Linked by Thom Holwerda on Mon 7th Apr 2014 22:17 UTC

It looks like the Internet of Things could be the next big computing battleground, and Microsoft seems willing to sacrifice a few battles in order to win that war. Facebook is chasing virtual reality; Google wants home automation, smartwatches, and internet-connected glasses. More than 200 billion devices are likely to be connected to the internet by 2020, a huge example of the way the technology industry will shift and new battles will emerge. Satya Nadella believes the future isn't Windows desktops, Windows tablets, and Windows Phones. It's not Windows everywhere, it's Microsoft everywhere, offering software and services for every device - including an entire world of interconnected devices that have yet to be built.

The speed with which is doing this u-turn makes it quite clear that people within the company wanted to do this for a long, long time (otherwise it could not have been done this quickly), which implies that Ballmer may have simply held these changes back.

The elephant in the room here is that while people talk about Microsoft as if the company is down and out, it's still hugely profitable and has consistently been posting great financial results. It's just that Microsoft's money isn't coming from sexy products like smartphones and tablets, but from enterprise and backend stuff - stuff the technology press either can't write about, doesn't understand, or both. It's very similar to all those articles claiming Apple no longer innovates and disrupts, even though the company sent shockwaves through the microprocessor world.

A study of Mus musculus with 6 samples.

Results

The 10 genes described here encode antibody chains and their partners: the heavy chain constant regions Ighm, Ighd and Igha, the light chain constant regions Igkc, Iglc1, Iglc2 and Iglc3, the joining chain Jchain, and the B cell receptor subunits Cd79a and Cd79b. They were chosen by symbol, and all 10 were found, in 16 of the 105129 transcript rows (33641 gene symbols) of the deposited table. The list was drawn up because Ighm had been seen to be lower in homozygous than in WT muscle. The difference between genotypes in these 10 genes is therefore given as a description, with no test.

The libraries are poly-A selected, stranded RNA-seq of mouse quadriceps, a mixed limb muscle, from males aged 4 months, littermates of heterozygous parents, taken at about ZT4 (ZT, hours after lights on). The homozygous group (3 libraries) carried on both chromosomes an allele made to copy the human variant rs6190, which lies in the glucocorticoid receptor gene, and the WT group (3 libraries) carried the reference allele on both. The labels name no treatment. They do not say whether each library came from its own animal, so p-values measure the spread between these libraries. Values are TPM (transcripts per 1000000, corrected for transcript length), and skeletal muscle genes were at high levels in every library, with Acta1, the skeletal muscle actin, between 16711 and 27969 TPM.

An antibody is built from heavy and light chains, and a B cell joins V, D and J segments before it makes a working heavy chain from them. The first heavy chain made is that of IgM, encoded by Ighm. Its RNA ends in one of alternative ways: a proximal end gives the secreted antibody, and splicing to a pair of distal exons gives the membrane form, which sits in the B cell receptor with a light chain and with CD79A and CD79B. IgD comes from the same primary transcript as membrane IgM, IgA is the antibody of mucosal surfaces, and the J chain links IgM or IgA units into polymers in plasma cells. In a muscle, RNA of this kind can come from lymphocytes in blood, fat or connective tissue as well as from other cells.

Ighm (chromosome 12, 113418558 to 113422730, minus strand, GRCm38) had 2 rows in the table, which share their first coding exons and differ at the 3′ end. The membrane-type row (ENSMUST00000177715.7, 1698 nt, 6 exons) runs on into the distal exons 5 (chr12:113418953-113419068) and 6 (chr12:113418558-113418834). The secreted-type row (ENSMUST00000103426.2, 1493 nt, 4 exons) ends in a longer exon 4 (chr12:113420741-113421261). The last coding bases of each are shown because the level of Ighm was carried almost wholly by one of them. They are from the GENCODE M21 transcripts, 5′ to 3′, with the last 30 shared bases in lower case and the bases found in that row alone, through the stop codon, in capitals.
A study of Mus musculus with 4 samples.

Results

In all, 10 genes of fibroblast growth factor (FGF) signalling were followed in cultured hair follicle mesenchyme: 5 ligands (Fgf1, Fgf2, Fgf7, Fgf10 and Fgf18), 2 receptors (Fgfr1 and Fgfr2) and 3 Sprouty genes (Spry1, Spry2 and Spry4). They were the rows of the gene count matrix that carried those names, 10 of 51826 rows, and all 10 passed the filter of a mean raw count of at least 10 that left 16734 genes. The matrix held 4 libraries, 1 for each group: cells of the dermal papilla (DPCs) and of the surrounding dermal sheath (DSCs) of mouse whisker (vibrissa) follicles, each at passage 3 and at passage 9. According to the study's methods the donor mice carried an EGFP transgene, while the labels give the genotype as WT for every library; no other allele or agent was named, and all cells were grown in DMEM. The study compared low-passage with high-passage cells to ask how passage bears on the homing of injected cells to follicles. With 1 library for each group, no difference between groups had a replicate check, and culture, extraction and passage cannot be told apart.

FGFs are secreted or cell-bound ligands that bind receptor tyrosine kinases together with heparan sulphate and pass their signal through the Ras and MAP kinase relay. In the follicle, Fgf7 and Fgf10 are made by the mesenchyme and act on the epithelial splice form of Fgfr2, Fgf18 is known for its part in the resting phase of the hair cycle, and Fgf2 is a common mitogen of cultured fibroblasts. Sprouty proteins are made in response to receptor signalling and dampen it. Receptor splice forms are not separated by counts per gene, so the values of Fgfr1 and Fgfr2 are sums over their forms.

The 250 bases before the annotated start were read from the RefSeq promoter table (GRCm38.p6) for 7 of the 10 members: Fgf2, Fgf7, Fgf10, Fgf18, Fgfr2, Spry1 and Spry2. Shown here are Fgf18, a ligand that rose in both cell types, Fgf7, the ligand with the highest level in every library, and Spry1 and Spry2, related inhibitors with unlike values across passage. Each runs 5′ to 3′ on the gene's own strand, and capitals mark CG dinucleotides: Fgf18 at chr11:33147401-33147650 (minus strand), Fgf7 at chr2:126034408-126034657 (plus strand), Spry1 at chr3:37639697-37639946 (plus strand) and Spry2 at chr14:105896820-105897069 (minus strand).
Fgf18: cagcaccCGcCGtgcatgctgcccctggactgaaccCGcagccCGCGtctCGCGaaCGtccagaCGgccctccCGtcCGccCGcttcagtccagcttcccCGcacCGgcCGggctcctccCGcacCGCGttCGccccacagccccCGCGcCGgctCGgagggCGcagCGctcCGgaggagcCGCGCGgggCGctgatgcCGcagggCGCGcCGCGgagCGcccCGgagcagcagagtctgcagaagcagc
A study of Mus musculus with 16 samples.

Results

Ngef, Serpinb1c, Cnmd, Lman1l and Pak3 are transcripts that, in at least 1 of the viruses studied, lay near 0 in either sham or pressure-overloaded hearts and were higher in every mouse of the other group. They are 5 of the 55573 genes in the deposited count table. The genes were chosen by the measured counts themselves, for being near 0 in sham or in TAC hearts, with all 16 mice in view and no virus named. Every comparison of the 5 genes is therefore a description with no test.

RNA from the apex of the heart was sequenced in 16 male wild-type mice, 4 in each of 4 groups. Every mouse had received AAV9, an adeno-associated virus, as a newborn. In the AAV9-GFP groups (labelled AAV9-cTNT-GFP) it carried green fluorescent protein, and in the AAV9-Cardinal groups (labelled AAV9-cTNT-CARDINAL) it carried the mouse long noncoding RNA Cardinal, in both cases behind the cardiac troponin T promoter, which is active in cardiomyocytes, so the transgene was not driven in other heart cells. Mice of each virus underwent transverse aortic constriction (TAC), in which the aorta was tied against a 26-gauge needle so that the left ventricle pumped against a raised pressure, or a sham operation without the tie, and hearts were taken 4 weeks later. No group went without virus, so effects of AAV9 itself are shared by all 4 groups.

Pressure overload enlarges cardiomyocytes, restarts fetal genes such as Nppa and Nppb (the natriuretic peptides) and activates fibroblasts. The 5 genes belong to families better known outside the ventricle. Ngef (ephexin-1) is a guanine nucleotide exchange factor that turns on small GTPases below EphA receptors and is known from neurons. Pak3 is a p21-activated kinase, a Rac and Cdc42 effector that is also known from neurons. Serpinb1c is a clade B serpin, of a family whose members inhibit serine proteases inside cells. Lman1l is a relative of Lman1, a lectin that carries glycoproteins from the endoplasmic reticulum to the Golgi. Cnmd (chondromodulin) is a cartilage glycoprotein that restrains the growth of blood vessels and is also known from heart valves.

In any case, it seems like Microsoft finally found the right direction in this new world.

by dpJudas on Tue 8th Apr 2014 03:14 UTC in reply to "Yup"
etc, etc.

Even modern apps look different, depending on whether you're running them on tablet or phone.

Classical developer abstraction thinking. It all seems so simple until you realize that a keyboard + mouse driven application works best with a completely different UI than fat sausage fingers with on-screen keyboard and 9" of screen area.

Take a look at the Cocoa vs Cocoa Touch API's and ask yourself this one simple question: why did Apple create a complete new set of Views and Controls for mobile when both API's at the higher abstraction level are nearly identical?

Once you find the answer you will understand why universal user interfaces will never work. Metro is probably one of the best examples of the type of problems you run into when you try.